Controversial chemical can severely burn people and set fire to homes.
Residents in densely-packed Jabaliya have described Israeli forces exploding shells that drop scores of burning fragments and spread suffocating smoke.
“Its the first time we see this type of weapon, it must be new and its seems like its phosphorous,” one resident told Al Jazeera.
“Its suffocating and has a deadly poisonous smell that I am sure will cause a lot of sickness and disease on all of the civilians here,” he said.
Another witness said she saw “… a bright flash and then all of these sparks fell on our area … landing all around us and in our homes. Our mattresses caught on fire”.
The use of the munition in densely-populated areas violates the requirement under international humanitarian law for all feasible precautions to be taken to avoid civilian injury and loss of life, Human Rights Watch said.
Marc Garlasco, a senior military analyst at the human rights group told Al Jazeera on Saturday that he had watched Israeli ground forces using white phosphorus.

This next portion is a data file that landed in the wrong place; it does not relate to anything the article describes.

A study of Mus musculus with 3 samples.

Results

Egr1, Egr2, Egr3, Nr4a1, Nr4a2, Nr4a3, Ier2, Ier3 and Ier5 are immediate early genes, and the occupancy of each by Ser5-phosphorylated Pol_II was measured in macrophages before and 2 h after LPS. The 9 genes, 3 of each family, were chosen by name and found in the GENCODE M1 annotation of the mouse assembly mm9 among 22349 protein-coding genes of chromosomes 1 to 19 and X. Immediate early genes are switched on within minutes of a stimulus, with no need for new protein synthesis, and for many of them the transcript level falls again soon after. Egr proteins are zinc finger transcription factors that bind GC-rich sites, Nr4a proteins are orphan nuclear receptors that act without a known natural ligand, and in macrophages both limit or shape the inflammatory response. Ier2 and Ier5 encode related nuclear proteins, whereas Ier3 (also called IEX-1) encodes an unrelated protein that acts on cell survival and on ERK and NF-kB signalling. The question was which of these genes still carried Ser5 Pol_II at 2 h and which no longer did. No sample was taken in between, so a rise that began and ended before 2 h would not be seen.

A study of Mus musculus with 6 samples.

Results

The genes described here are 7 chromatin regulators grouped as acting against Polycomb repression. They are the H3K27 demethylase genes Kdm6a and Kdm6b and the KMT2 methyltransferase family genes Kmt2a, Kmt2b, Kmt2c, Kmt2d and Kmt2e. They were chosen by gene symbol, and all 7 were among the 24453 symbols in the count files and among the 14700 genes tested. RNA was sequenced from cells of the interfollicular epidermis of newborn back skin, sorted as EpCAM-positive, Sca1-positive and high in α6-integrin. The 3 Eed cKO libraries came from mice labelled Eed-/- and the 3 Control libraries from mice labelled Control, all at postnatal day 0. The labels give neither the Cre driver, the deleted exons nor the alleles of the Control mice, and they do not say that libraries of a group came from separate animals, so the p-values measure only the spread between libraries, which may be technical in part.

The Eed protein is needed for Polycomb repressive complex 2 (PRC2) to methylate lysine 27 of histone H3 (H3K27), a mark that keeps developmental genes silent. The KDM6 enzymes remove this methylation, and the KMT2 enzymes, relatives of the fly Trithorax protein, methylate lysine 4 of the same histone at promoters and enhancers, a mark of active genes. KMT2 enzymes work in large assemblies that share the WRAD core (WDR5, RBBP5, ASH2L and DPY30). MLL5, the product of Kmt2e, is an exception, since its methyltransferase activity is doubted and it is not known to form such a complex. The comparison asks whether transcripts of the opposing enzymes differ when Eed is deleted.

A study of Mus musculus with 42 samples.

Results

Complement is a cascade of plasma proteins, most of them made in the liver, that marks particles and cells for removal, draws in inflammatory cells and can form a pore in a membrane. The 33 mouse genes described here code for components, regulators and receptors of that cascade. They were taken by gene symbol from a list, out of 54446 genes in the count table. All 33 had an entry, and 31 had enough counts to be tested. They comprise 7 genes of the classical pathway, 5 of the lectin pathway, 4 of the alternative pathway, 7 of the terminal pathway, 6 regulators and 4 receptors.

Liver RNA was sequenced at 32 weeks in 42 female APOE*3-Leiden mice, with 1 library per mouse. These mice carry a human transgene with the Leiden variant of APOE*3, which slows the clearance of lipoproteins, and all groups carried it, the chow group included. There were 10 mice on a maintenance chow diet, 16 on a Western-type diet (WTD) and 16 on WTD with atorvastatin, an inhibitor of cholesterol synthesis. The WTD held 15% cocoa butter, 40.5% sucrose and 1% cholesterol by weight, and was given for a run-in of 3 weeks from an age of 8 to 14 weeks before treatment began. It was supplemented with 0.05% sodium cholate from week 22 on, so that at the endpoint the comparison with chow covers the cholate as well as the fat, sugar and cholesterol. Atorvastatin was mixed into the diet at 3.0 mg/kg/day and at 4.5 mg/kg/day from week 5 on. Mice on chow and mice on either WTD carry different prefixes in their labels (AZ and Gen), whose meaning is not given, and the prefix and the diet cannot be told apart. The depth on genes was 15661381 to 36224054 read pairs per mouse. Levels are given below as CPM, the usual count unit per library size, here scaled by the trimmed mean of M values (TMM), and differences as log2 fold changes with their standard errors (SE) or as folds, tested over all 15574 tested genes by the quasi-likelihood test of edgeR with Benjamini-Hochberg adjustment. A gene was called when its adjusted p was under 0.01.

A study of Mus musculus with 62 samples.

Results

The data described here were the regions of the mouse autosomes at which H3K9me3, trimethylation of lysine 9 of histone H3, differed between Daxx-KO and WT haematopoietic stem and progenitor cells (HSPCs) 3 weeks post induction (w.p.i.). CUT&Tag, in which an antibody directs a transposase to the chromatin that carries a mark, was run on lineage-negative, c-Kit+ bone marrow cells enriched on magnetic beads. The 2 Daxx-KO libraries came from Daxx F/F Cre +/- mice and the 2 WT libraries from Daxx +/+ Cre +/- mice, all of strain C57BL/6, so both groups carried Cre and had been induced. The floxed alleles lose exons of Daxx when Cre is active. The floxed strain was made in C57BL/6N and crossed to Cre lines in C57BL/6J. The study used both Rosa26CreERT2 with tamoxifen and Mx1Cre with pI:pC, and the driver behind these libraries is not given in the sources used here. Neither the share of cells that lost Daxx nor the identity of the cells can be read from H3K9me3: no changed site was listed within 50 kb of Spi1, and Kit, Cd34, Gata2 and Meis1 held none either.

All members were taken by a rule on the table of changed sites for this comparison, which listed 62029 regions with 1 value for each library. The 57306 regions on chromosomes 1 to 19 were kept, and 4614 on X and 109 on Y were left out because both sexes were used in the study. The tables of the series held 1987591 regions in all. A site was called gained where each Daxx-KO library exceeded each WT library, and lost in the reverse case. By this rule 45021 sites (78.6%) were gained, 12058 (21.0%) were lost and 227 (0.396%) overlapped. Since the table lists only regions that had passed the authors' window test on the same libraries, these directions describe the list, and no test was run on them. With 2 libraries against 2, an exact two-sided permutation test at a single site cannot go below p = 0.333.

“Clearly it is [white phosphorus], we can tell by the explosions and the tendrils that go down [and] the fires that were burning,” he said.
“Today there were massive attacks in Jabaliya when we were there. We saw that there were numerous fires once the white phosphorus had gone in.
“We went by Israeli artillery units that had white phosphorus rounds with the fuses in them.”
Major Avital Leibovich, an Israeli military spokeswoman, told Al Jazeera that the Israeli army was “using munitions with accordance to international law”.
“The policy of the IDF [Israeli Defence Force] is to not specify the types of munition, we have not done it before and we will not do it now.”
Mark Regev, the Israeli government spokesman, said he was unable to confirm or deny whether the military was using the chemical, but that Israel did not use munitions that were banned under international law.
“I don’t have the knowledge of the detail of what ammunition we are using. I can only know for a fact that Israel uses no ammunition that is outlawed under conventions and that Nato forces would not use in a similar combat situation,” he told Al Jazeera.
Israel used white phosphorus during its 34-day war against Lebanon’s Hezbollah movement in 2006, while the United States used it during the controversial siege of the Iraqi city of Fallujah in 2004.